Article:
Jazzed Magazine • October 2016Outlier's Blues • October 19, 2016


To give her the credit she is surely due, Peacock has near iconic stature in the alternative music community. Singing her oddly distinctive, highly personal songs in an equally idiosyncratic vocal style, Peacock gleefully merged experimental music, rock, and other genres within the open stylistic borders of the meager dozen or so of her own highly praised, if commercially invisible, albums. A revered cult artist, Peacock has little more than a marginal presence when it comes to standard jazz practice. Yet, stumble upon her work, as interpreted by others, and you find she’s been a vital shadow figure behind much musical beauty.

Paul Bley, the daring and influential pianist who died in early 2016, recognized a similarly creative talent in Peacock, then the wife of the accomplished bassist Gary Peacock, who would remain a lifelong musical partner of Bley’s. By 1965 Bley was already recording Annette Peacock’s compositions, and he continued to essay them long after the couple split. (Bley also had a curious habit of recording the compositions of another ex-wife, Carla Bley.)

In their ability to achieve maximal expression through reduction, Peacock’s spare melodies seem to embody the principals of the renowned architect Mie’s van der Rhoe, who claimed his work could be stripped to “almost nothing.” Peacock is no Bobby Timmons; you don’t start humming her tunes moments after hearing them, but they do possess an undeniable enigmatic authority that belies their sparseness.

Bley often summoned up the poetry in these minimalist pieces, drawing on their anomalous power throughout his career. His open debt to Peacock is nowhere more apparent than on the overtly dedicatory 1992 album, Annette, credited to the pianist, bassist Peacock and the Austrian trumpeter Franz Koglmann. It’s hard to pinpoint the lingering allure of this recording, which, of course, makes it all the more alluring. Nine of Peacock’s tunes, including “Touching,” “Albert’s Love Theme” and “Mr. Joy” coax molded statements from the members of the trio who respect the finely crafted artfulness of Peacock’s work by keeping their own improvisations generally lean and appealingly fragmentary.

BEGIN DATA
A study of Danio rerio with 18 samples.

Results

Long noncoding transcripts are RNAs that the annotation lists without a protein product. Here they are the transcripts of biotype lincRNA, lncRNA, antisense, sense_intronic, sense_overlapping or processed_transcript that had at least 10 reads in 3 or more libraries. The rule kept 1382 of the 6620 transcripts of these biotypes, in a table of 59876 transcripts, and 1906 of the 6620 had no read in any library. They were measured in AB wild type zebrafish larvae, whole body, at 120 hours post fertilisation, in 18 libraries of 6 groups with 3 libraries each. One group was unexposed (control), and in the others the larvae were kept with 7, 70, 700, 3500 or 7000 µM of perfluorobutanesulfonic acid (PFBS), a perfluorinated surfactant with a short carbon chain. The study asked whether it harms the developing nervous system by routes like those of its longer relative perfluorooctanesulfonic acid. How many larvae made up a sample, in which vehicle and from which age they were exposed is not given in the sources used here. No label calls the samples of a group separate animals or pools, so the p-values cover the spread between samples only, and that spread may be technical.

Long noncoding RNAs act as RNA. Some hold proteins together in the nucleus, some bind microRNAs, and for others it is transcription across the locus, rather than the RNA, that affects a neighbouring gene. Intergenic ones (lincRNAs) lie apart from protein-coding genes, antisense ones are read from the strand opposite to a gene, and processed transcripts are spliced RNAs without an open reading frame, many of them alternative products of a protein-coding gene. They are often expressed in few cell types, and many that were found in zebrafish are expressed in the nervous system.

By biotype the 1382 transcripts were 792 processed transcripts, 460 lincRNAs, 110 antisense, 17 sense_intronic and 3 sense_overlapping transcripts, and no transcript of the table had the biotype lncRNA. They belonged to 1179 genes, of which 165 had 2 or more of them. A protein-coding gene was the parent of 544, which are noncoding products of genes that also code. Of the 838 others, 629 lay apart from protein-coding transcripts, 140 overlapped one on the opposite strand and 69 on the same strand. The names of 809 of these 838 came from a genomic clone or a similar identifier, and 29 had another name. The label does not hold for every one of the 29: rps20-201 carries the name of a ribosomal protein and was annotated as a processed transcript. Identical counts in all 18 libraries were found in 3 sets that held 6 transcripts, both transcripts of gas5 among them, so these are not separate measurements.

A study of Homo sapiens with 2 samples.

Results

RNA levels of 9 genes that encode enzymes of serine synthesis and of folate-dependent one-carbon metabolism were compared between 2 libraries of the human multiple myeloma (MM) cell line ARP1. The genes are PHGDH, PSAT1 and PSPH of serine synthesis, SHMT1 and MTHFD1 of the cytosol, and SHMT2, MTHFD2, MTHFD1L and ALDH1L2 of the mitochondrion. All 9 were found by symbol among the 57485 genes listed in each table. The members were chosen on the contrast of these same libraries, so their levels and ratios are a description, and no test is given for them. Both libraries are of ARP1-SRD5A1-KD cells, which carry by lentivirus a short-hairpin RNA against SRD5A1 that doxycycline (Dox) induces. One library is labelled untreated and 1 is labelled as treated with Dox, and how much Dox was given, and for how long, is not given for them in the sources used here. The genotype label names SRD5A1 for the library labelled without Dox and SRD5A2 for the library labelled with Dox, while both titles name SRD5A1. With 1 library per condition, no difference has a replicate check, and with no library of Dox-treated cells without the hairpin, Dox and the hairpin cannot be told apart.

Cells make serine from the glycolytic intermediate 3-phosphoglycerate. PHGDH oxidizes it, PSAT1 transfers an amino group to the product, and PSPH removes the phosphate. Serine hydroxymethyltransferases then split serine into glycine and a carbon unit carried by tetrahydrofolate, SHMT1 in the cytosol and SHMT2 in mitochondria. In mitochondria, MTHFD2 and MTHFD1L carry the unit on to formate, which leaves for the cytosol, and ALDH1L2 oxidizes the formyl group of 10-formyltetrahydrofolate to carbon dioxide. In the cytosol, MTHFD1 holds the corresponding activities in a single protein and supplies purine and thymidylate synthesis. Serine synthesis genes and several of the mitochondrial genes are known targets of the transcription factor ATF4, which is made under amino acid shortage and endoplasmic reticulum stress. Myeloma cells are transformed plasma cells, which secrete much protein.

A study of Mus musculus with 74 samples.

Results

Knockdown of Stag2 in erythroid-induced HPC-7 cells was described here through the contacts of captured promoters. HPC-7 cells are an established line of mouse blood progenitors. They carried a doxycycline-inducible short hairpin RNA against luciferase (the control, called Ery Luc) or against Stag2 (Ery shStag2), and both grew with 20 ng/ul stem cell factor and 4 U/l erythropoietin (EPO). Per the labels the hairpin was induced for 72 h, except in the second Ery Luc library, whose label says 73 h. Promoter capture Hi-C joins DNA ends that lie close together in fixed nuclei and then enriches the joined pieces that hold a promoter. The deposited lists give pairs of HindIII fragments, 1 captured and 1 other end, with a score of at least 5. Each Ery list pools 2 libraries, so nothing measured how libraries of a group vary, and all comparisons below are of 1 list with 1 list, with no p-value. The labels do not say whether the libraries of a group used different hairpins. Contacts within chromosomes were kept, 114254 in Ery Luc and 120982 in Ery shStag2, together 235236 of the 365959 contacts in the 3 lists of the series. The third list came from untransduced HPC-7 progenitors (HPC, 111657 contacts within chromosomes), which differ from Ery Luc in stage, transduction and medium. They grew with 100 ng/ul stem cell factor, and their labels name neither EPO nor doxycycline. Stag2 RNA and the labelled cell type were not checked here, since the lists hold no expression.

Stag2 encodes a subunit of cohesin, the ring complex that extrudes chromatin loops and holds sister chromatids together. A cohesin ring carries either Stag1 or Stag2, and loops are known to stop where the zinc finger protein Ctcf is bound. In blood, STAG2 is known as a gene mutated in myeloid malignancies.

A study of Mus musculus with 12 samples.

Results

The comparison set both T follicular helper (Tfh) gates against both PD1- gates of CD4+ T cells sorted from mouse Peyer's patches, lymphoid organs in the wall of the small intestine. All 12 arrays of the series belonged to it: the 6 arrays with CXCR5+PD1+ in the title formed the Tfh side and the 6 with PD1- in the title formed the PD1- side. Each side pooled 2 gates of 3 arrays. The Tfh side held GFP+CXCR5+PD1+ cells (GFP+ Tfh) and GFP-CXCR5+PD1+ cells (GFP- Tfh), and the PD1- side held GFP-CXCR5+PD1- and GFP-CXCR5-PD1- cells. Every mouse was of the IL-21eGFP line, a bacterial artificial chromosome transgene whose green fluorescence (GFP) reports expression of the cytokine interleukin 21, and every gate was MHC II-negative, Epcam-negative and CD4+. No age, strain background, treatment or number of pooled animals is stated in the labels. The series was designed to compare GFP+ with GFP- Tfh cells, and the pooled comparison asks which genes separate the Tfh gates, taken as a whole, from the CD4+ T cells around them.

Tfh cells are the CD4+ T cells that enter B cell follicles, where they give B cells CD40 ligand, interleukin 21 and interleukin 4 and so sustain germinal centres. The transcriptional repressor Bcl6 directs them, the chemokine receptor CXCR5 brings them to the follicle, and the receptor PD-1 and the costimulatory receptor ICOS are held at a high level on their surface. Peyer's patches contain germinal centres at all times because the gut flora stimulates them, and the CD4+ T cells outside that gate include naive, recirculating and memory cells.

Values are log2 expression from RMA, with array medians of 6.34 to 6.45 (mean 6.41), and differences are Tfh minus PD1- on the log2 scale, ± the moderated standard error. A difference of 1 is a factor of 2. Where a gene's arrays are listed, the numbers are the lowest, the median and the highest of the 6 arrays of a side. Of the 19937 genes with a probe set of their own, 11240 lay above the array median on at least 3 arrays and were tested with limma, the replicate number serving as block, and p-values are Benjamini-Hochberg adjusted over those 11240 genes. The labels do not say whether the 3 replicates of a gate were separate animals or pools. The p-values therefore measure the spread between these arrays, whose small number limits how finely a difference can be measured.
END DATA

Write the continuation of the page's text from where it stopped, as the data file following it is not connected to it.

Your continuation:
The same sensibility is filtered throughout an even more ambitious project, the 1997 ECM double-disc recording, Nothing Ever Was, Anyway: The Music of Annette Peacock attributed to the pianist Marilyn Crispell, Gary Peacock and the drummer Paul Motian. Nothing Ever Was, Anyway, much like Annette, isn’t intended to be a showcase for the virtuosity of the contributing players. But as with the earlier album, the Crispell, Peacock, Paul Motian recording simultaneously reveals the gem-like quality of Peacock’s work as well as the sensitivity and imaginative elegance of the trio members, both as a collective unit and individually.

The start of the new millennium saw the release of Peacock’s An Acrobat’s Heart, her sole ECM recording to date. Melding her piano and vocals with the Cikada String Quartet, the album is typically spare and strikingly lyrical, yet no more conventionally jazz-like in intent as any of her earlier work. Still, it wouldn’t be much of a surprise to find discerning jazz musicians rediscovering these tunes somewhere down the line. Quality, even from the least ordinary of artists, has a strange way of resurfacing.